TCS Daily


Exodus! Movement of the Doctors

By Sydney Smith - October 27, 2003 12:00 AM

American physicians aren't happy. Enmeshed in a labyrinthine private insurance system, they feel increasingly impotent. Impotent when it comes to setting their fees (they're set by the insurance companies). Impotent when it comes to setting their schedules (more patients in less time to compensate for said fees). And impotent when it comes to serving the uninsured (discounts are a legal minefield.) They're disenchanted with the system, and they want a new one. And in their quest for a new system, many are looking longingly to Canada.
 
From this side of the border,
Canada looks like the land of medical milk and honey. The doctors aren't employees of the state, but independent operators who run their own practices and set their own schedules. Everyone's insured, so the doctor gets paid for every patient. There's only one payer, so there's only one set of rules to follow for reimbursement, and by extension, less paperwork. It's a glorious place to practice medicine. Unless you actually practice there.

For Canadian doctors, it turns out, are no happier than their
U.S. counterparts. In fact, they're unhappier. Three years ago, a survey by the Harvard School of Public Health of over 2000 physicians in Canada, Britain, New Zealand, Australia, and the United States found that Canadians were by far the most pessimistic. More of them felt that their ability to provide quality care had declined and that it would only get worse in the future. The overwhelming majority of Canadian doctors complained about medical and diagnostic equipment shortages, and long waiting times for care. And, like their counterparts in the United States, they feel short-changed in the time they have to spend with their patients.

Exodus! Movement of the Doctors

 

But the dissatisfaction in Canada goes beyond venting in surveys. Since the 1990's, Canada has experienced an exodus of physicians. Their number one destination? The United States and its much maligned healthcare system. At last estimate, there were over 8,000 Canadian physicians practicing in the United States. The vast majority have let their Canadian licenses lapse, indicating no desire to return.

 

The plight and flight of Canadian doctors reached its peak in the mid-1990's when the government tightened its healthcare budget and physician reimbursement declined dramatically. And yet, although the Canadian government has tried to reverse the trend by committing more tax dollars to its healthcare system, physician emigration still jumped by 68% in 2001. According to Dr. Hugh Scully, co-chair of a Canadian task force on physician supply, the equivalent of two or three medical school classes are leaving the country each year. It's a not a situation that a country with too few medical students can afford to maintain.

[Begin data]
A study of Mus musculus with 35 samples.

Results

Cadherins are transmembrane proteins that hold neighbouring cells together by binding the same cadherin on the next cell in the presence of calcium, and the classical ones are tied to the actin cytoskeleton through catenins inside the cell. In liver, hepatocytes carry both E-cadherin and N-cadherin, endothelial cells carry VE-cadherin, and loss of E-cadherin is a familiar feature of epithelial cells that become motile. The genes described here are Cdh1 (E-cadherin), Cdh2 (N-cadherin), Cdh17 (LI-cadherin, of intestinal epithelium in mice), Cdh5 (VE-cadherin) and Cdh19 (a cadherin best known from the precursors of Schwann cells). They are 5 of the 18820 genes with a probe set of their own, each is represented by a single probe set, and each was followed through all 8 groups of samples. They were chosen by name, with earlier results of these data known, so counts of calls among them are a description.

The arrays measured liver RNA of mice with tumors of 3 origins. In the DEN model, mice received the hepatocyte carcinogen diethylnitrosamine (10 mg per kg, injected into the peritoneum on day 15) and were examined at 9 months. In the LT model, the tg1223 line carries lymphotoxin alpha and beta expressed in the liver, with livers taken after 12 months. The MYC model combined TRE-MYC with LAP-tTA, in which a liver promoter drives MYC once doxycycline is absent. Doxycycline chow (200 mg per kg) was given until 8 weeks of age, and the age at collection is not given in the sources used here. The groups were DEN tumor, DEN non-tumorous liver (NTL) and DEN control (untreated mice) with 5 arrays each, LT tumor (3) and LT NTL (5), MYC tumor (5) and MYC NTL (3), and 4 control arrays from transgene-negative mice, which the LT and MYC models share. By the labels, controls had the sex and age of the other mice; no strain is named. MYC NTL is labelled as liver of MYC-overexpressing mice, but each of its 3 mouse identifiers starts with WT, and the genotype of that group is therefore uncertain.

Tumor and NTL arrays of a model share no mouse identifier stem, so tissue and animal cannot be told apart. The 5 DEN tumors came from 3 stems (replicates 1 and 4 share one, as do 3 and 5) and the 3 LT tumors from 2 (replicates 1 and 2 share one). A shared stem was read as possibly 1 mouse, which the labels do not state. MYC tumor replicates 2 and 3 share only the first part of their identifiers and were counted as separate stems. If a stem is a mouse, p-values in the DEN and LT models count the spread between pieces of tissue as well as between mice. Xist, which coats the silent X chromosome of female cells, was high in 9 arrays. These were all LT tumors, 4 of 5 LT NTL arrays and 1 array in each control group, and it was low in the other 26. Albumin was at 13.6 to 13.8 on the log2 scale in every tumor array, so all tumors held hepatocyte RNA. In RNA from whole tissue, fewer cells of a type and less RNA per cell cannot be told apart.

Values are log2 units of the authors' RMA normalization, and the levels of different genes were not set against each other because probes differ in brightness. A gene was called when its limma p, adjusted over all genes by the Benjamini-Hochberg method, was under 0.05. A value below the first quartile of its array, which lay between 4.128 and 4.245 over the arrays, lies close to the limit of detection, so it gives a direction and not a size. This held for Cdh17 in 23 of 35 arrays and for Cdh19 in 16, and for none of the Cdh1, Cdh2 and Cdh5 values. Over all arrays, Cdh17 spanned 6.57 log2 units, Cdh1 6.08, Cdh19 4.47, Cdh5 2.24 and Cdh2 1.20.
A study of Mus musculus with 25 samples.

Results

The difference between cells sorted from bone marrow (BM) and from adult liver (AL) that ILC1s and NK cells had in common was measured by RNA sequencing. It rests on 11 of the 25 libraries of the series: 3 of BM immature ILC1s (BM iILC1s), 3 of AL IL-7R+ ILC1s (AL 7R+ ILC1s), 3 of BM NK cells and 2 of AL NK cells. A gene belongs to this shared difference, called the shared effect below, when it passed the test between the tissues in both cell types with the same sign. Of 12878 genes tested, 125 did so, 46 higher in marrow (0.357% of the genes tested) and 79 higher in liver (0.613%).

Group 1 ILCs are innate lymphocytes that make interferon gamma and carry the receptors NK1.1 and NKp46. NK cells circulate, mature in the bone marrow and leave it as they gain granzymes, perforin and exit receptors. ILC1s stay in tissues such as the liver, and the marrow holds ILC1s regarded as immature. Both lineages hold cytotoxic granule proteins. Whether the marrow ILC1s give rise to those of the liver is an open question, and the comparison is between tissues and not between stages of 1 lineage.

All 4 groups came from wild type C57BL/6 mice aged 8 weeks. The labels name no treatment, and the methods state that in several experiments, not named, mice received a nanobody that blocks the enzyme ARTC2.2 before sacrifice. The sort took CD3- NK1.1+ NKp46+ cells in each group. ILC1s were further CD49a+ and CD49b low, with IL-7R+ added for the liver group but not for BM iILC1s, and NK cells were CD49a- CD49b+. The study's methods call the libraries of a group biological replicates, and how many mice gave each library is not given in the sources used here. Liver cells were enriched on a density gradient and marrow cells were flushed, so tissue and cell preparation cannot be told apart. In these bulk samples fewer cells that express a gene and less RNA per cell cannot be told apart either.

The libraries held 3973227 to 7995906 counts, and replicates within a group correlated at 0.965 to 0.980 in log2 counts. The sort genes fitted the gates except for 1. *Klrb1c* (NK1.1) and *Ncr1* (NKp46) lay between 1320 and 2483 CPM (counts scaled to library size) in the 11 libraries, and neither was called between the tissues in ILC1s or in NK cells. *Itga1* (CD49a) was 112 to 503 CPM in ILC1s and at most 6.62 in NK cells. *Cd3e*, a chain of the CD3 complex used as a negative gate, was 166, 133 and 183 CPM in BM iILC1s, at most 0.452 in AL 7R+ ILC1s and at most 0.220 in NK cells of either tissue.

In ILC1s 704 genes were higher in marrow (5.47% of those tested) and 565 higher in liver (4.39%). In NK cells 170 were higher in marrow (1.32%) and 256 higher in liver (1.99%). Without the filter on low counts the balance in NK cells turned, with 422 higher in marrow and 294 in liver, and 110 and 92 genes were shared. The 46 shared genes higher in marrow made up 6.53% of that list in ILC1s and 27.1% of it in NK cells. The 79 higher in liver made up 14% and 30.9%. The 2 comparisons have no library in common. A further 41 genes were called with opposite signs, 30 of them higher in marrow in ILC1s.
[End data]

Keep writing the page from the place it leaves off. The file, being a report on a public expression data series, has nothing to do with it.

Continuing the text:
This medical brain drain is not inconsequential. Although 100% of Canadians have healthcare insurance, it does no good for the 18% of them who have trouble finding a doctor. Contrast that with the
United States where 15% may be without insurance, but only 6% go without needed care as a result. Our system may have its problems, but access to care isn't one of them. At least not when compared to Canada's.

And why are Canadian physicians leaving their patients in the lurch? Not for the money. They leave for better research opportunities, for greater professional and clinical autonomy, better job choices, and better medical facilities. They leave, in other words, for all the advantages conferred by a free-market healthcare system -- the same advantages that we American physicians take for granted when we yearn for a Canadian-style system.

We should look to
Canada, all right, but not as a role model. We should look to them instead as a warning. There but for the grace of God -- and a strong independent streak -- go we.

 

The author is a family physician who has been in private practice since 1991. She is board certified by the American Board of Family Practice, and is a Fellow of the American Academy of Family Practice. She is the publisher of MedPundit.